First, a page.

A map of preliminary locations for toll gantries on Connecticut;s highways.
Joe Bentivegna MD

Anyone who wonders why the general public was so outraged that they put Donald Trump in the White House has only to look at the behavior of our new governor Ned Lamont.  Taking a page from the playbook of his fellow Greenwich plutocrat, Lowell Weicker, Lamont deliberately misled the voters by promising to place tolls only on incoming trucks, just like Weicker misled the voters in 1990 into believing he would not initiate a state income tax.

Like Weicker, Lamont knew that if he had been honest, he would have lost.

We witnessed the usual kabuki theater that precedes a middle-class fleecing, as Gov. Lamont assembled a team of business leaders, Goldman Sachs cronies and reached out to Republican leaders for input. We saw learned men and women with furrowed brows pondering the complex dilemma of responsible stewardship.

It was a huge scam of course. Lamont had every intention of imposing tolls. As a scion of the J.P. Morgan fortune (his great grandfather was a partner in Morgan’s firm) and a respectable entrepreneur in his own right, he knows how to read a balance sheet.

The state is $1.7 billion in the red for the next fiscal year and almost $4.0 billion in the red for the next two years. The generous pensions and health care promised to our public employees are grossly underfunded.  Revenue must be increased or spending must be cut. And taxing potheads or preying on gambling addicts with more casinos would not bring in enough revenue. It’s fourth grade math. In fact, the Department of Transportation – anticipating the governor’s mendacity – had already taken the liberty of creating a map where the 82 tolls will be placed.

Lamont will argue that tolls are necessary to rebuild our infrastructure. This is the same story our political class told us when they foisted one of the highest gas taxes in the country upon us. But a significant portion of the gas tax was diverted into the general fund. The same will happen with tolls, as our political class jacks them up to fund even more lavish pensions, create more bureaucratic sinecures, offer free college tuition to all including illegal immigrants while bankrolling failed social policies. Lamont will also point out that “congestion tolling” will unclog our roads. Ask anyone who drives in Boston, where a similar policy was implemented, how that worked out.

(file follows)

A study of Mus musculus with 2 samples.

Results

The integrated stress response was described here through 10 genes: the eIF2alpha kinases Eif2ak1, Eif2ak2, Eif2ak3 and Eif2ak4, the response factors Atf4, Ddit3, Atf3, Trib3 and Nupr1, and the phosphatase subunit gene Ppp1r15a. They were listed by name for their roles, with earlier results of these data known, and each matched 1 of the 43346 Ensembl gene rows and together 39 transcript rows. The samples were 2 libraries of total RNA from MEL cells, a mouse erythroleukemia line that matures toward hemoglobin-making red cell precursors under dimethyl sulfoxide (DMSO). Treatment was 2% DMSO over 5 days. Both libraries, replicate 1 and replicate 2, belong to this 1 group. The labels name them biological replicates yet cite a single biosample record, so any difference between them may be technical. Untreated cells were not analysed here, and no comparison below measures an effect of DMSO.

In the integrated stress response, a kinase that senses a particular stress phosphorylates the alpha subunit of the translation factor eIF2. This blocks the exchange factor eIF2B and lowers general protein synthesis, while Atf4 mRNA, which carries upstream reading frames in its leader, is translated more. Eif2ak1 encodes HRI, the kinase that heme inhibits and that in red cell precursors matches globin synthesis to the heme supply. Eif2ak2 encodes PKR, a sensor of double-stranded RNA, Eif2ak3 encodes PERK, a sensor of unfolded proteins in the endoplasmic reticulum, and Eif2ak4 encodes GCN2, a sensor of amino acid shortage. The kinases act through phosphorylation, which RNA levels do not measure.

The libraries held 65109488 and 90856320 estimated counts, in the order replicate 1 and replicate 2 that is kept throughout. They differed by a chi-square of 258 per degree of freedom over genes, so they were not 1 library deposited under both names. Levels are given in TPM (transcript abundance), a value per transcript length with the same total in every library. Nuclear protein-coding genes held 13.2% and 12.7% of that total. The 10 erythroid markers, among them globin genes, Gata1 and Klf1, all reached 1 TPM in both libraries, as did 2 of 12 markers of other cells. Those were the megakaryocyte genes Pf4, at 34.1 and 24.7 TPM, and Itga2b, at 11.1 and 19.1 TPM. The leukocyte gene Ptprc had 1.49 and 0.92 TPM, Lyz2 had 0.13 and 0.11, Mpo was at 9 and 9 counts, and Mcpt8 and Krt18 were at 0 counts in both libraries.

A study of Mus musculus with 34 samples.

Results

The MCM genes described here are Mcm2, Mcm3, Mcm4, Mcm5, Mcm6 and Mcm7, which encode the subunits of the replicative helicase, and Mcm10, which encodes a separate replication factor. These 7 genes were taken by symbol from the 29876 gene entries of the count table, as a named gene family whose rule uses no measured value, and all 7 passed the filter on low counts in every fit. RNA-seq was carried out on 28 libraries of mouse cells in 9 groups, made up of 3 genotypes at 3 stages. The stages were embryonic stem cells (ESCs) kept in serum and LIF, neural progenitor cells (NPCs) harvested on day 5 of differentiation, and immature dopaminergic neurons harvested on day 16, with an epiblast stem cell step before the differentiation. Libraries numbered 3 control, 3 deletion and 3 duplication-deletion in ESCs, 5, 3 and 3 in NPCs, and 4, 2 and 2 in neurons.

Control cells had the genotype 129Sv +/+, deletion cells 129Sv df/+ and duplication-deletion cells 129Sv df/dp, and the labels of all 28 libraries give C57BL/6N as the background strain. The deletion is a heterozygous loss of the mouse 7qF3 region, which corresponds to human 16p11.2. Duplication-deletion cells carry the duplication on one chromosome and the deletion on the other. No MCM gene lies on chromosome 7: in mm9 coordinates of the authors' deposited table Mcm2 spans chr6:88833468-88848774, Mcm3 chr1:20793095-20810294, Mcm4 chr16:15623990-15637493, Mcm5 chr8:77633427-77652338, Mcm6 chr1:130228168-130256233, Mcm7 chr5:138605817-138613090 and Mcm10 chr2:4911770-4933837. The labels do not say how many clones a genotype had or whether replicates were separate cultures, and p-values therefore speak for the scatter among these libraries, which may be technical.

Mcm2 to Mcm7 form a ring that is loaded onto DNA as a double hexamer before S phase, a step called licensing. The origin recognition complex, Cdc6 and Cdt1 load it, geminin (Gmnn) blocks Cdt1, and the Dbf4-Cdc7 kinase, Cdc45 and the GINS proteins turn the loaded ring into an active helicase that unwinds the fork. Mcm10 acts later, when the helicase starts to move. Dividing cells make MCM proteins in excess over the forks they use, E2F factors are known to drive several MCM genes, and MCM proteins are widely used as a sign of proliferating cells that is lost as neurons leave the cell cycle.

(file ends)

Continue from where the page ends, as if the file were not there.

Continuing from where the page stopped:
Governor Lamont is pretending to be fiscally responsible by promising to decrease Connecticut’s borrowing by 39%. He is being advised by David Lehman, a Goldman Sachs con man whose fortune was subsidized by the 2008 taxpayer bailout when Goldman’s risky investments went south. How long will this policy last? If you said two years at most, go to the head of the class.

There are reasonable people who wonder why the Lamont and the Democrats are doing this. Why keep raising taxes and fees when it is obvious that it is causing productive people to leave the state? The answer is that these productive people lean Republican, making it much easier for the Democrats to retain power.

Lamont certainly does not regret his behavior.  He knows he will be lionized by the political class and the media for doing the dirty work necessary for “responsible government.” He may even receive the John F. Kennedy Profile in Courage Award like Lowell Weicker did, after he lied to the voters.

But if there is any silver lining in Lamont’s behavior, it is savoring our corrupt political class’s apoplexy at Trump’s competent Presidency – two years of peace and prosperity. President Trump tells small lies – how big his crowds are, denying he copulated with a porn star, what percentage of drugs cross the border etc. But Gov. Lamont told the real whopper: there will only be tolls on trucks entering the state.

I miss the good old days – when plutocrats sat on their yachts, ogled debutantes and sipped martinis – rather than buying political offices and shafting those of us who take pride in working for a living.


    Too frequent tolling gantries will make it easier to avoid many of them by using local roads. If the goal really is to extract monies from vehicles traveling through CT, then install fewer gantries and locate them where it would be truly difficult to circumvent.

    Why does every new political season in CT start with methods of how to increase revenue and, it seems, NEVER starts with thoughts on how to reduce spending and the cost of government?

  2. Not one of these three people — the article writer and the two comment writers –has a clue how to balance the state budget without revenue increases. Why do you publish this crap?

  3. What I don’t understand is why so many Connecticut residents and taxpayers want to continue to provide a massive subsidy to out-of-state drivers; much of the truck and car tariffic on our highways is interstate–they aren’t stopping in Connecticut. But we are bearing the cost of providing good roads and relevant police and maintenance. Projections are the, before any rebates or discounts for residents, out-of-state vehicles would pay 40% of the tolls. Neighboring states don’t subsidize our use of their roads; why are so many of us so insistent that we subsidize them? And, as a consequence, live with much lower quality transportation infrastructure, which imposes significant costs–on us–and hurts our economic competitiveness. I don’t get it.